Someone made the following comment upon reading the abstract of one of my recently published papers (led by Lucília Souza Miranda): "this claustrum paper just about lost me with its first sentence in the Abstract". It is definitely true that sometimes our scientific papers can be rather esoteric. This is all the more true of an abstract, which is properly meant to be a "retelling" of a paper rather than a summary.
So, let's examine the first sentence of the abstract of the paper in question:
"The claustrum in Cnidaria is a tissue in the gastrovascular cavity delimited by a central layer of mesoglea surrounded by gastrodermis (i.e., gastrodermis-mesoglea-gastrodermis), without communication with epidermis."
In re-reading this sentence, it seems a fair assessment. And indeed, in running the entire abstract through a "Readability Consensus Calculator", the consensus view is pretty clear: VERY DIFFICULT TO READ. Point taken.
So here is an attempt at getting the same information as in our abstract across using alternative language. One caveat: No doubt the language is stereotypical, inaccurate, and/or outdated. I can claim no authenticity for it. But do you get it? Is the alternative more clear than the actual?
Totally gnarly version:
So, like there is this hella cool thing in jellyfish, a piece of gut, yeah? This thing is called claustra and it’s really four different things, each one a claustrum. They grow, like, inside out from walls in the stomach and become totally new walls breaking the stomach into parts. If you zoom in way close, they have jelly-like stuff surrounded by gut tissues on both sides, and they do not connect to the outer skin (your epidermis is showing--jk). And this claustrum's been used to tryna suggest that two different kinds of jellyfishes, the square and hurtful box jellies and the beautifulest stalked ones, are closely related. But it’s totally bogus to accept that box jellies and stalked jellies both have claustra because, like, it's never really been looked at that carefully. But like we did that. Yeah. And the results are whacked. Actually, it’s like hella cool! Only the stalked guys have claustra, and just some of them at that. What some old dudes (gender-neutral) messed up was that box jellies don’t have claustra. They got these holes in their gut, though, near their throat, and that threw the brainiacs off. Cool thing though, stalked jellies also have those holes! I know, right? So, box and stalked jellies don’t share claustra but they do share gut holes. And by the way, it’s just dope to look at a fossil and think you can make out a claustrum in it.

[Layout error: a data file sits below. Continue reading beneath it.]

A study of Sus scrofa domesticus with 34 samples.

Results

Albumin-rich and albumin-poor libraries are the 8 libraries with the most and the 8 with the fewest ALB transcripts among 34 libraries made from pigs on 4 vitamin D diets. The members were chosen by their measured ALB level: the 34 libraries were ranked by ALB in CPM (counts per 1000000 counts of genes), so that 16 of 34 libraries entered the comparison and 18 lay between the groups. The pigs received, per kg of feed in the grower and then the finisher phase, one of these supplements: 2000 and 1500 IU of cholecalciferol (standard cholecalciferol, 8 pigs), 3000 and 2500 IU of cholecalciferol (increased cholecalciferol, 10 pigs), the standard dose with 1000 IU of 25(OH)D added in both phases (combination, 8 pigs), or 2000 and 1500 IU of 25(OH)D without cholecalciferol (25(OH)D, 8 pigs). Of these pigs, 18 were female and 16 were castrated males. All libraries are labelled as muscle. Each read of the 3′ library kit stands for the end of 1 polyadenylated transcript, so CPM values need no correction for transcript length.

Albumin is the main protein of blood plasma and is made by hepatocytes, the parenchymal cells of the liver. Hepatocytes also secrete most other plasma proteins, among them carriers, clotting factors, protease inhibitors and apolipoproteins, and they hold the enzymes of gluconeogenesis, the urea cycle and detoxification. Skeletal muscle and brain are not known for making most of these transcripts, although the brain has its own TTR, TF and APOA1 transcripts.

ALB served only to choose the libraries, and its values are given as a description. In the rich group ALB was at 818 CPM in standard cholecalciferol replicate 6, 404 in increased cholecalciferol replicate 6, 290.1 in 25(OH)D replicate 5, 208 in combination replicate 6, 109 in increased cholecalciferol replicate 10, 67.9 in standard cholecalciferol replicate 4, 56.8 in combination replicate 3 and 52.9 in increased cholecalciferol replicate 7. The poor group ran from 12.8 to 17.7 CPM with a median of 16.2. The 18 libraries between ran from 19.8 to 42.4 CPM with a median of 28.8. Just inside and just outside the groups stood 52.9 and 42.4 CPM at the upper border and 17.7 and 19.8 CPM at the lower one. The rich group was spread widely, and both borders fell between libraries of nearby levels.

And the real deal:
The claustrum in Cnidaria is a tissue in the gastrovascular cavity delimited by a central layer of mesoglea surrounded by gastrodermis (i.e., gastrodermis-mesoglea-gastrodermis), without communication with epidermis. By dividing the gastrovascular cavity, the four claustra provide an additional level of complexity. The presence of claustra in Cubozoa and Staurozoa has been used as evidence supporting a close relationship between these two cnidarian classes. However, the detailed anatomy of the claustrum has never been comparatively analyzed, rendering the evolution of this character among Cnidaria and its homology in Staurozoa and Cubozoa uncertain. This study provides a comparative investigation of the internal anatomy of the claustrum in Staurozoa and Cubozoa, addressing its evolutionary history based on recent phylogenetic hypotheses for Cnidaria. We conclude that the claustrum is a character exclusive to some species of Staurozoa, with a homoplastic evolution in the class, and that the structure called the “claustrum” in Cubozoa corresponds to the valve of gastric ostium, a structure at the base of the manubrium, which is also present in Staurozoa with and without claustrum. Thus, the claustrum cannot be a synapomorphy of a hypothetical clade uniting Staurozoa and Cubozoa, nor can its hypothetical presence in enigmatic fossils be used to support cubozoan affinities.
And since a picture tells a thousand words (much longer than your typical abstract), here is a diagram that compares species of stalked medusa without and with a claustum. We do not know for certain what the function of the claustrum is, but it does provide a space (pr-principal radial pockets, also known as mesogons or main radial pockets) where the gonads can be separated from the rest of the gut.
And here is what a claustrum looks like in histological transverse section, marked CS:
And here is the bottom line of the paper: Contrary to what has been stated in the past (and repeated by me in some papers), this structure known as a claustrum is not present in box jellyfish (Cubozoa), but is present in some but not all species of stalked jellyfish (Staurozoa). You can read all about in detail in:
Miranda LS, García-Rodríguez J, Collins AG, Morandini A & AC Marques (2017) Anatomy and evolution of the claustrum: a comparative study in Cubozoa and Staurozoa (Cnidaria) reveals that it is exclusive to some species of Staurozoa. Organisms, Diversity & Evolution. https://doi.org/10.1007/s13127-017-0342-6
Or you can contact any of the authors to request a PDF copy of the paper.